Matt Bartkowski’s hit on Brian Gionta on Sunday was one of those moments when you wonder how it couldn’t be a suspension.
The velocity of the contact. The way the Buffalo Sabres forward's head flew back, before his body tumbled into the air, skates over shoulders, and he face-planted on the ice. The fact that he didn’t have possession of the puck, and the fact that the hit was so heinous that the on-ice officials handed him a five-minute major for interference and a game misconduct. And the fact that Gionta was injured.
And yet, from the NHL on Monday: No hearing. No fine. No suspension.
According to the League, this was an attempt at a full body check from the Boston Bruins defenseman. The main point of contact was the shoulder; while the head rocked back, the League contends it was from the jolt of the check and not because Bartkowski’s hit principally connected with it.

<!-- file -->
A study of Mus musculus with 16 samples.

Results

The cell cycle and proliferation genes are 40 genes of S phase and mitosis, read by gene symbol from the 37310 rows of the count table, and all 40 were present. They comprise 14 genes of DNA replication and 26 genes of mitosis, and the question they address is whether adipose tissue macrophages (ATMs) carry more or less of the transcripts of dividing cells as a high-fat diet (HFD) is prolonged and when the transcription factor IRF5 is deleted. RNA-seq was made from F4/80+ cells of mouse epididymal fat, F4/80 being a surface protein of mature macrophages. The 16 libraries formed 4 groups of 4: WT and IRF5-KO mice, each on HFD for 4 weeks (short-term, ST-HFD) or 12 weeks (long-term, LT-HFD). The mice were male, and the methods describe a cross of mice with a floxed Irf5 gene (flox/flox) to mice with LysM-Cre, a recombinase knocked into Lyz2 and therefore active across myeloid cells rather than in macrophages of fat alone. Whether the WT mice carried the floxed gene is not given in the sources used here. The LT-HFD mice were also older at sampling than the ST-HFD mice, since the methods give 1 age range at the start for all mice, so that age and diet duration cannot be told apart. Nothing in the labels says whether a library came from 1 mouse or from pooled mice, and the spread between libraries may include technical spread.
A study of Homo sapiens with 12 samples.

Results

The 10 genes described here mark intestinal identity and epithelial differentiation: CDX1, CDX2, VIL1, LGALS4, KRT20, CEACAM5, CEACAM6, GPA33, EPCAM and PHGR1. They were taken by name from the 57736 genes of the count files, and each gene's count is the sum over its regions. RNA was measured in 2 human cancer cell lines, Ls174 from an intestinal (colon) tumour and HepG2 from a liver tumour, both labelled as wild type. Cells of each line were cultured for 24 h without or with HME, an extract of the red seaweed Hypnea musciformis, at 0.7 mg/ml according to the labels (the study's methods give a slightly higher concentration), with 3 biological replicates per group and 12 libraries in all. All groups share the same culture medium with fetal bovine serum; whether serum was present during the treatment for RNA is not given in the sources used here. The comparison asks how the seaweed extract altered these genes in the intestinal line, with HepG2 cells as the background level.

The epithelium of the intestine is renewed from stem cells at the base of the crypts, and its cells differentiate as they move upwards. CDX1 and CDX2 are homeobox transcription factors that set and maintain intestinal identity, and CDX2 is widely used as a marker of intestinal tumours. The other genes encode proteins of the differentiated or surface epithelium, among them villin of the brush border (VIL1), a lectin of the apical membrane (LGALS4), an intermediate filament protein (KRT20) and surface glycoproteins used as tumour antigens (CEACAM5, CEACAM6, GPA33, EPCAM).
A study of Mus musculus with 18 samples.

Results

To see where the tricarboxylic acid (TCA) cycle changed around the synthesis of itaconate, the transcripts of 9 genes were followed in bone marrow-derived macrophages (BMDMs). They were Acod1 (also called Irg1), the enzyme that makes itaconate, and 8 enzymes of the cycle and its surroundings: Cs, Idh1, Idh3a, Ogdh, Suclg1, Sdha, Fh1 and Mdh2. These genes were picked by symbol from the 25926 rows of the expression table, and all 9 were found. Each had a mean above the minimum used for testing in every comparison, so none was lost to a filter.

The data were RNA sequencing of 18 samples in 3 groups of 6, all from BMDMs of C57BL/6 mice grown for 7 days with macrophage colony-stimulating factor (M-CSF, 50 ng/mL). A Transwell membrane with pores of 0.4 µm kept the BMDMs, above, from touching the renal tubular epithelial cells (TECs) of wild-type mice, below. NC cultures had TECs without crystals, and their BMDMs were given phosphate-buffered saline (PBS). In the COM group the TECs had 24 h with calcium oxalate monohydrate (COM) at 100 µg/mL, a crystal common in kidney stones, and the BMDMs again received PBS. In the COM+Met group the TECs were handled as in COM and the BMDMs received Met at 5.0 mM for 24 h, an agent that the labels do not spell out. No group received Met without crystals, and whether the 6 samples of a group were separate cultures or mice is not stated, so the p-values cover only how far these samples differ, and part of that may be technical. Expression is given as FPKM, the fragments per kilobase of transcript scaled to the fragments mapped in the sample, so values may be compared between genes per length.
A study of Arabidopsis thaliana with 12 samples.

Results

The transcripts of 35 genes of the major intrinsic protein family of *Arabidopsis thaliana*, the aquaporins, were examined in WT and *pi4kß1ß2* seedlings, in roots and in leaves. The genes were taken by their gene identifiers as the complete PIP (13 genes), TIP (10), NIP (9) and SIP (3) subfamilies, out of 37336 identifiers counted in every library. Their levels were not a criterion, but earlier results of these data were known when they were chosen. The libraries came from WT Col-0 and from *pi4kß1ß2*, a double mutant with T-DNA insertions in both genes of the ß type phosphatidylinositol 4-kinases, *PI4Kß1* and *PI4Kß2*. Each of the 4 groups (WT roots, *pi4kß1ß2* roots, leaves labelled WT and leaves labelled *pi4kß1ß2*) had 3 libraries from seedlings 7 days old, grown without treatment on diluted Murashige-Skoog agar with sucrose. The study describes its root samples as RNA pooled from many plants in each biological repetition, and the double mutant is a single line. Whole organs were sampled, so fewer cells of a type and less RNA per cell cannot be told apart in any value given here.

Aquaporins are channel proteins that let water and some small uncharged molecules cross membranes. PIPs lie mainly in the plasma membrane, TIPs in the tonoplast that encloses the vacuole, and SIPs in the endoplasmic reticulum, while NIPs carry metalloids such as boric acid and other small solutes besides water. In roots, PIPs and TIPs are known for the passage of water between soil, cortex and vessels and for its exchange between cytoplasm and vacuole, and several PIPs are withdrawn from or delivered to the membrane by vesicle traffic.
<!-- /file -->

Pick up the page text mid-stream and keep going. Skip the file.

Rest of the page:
Looking at it again, there’s also some question about whether this hit should have been a major at all. Gionta touches the puck – was that enough to give him some semblance of “possession” before Bartkowski railroaded him, i.e. was he “eligible to be hit”?
He lunges for the puck on a suicide pass from a teammate; his prone position contributed to the injurious nature of the check. It’s not victim blaming to say he was in a vulnerable spot because of his body position; it’s just the circumstances behind the hit.
If there wasn’t significant contact with the head, I’m OK with there being no supplemental discipline. And even if you still think this is textbook interference, not every catastrophic penalty on the ice requires supplemental discipline off the ice.
With that, Sabres fans, please return to your seething anger that the NHL is working against you, a viewpoint previously reserved for Bruins fans.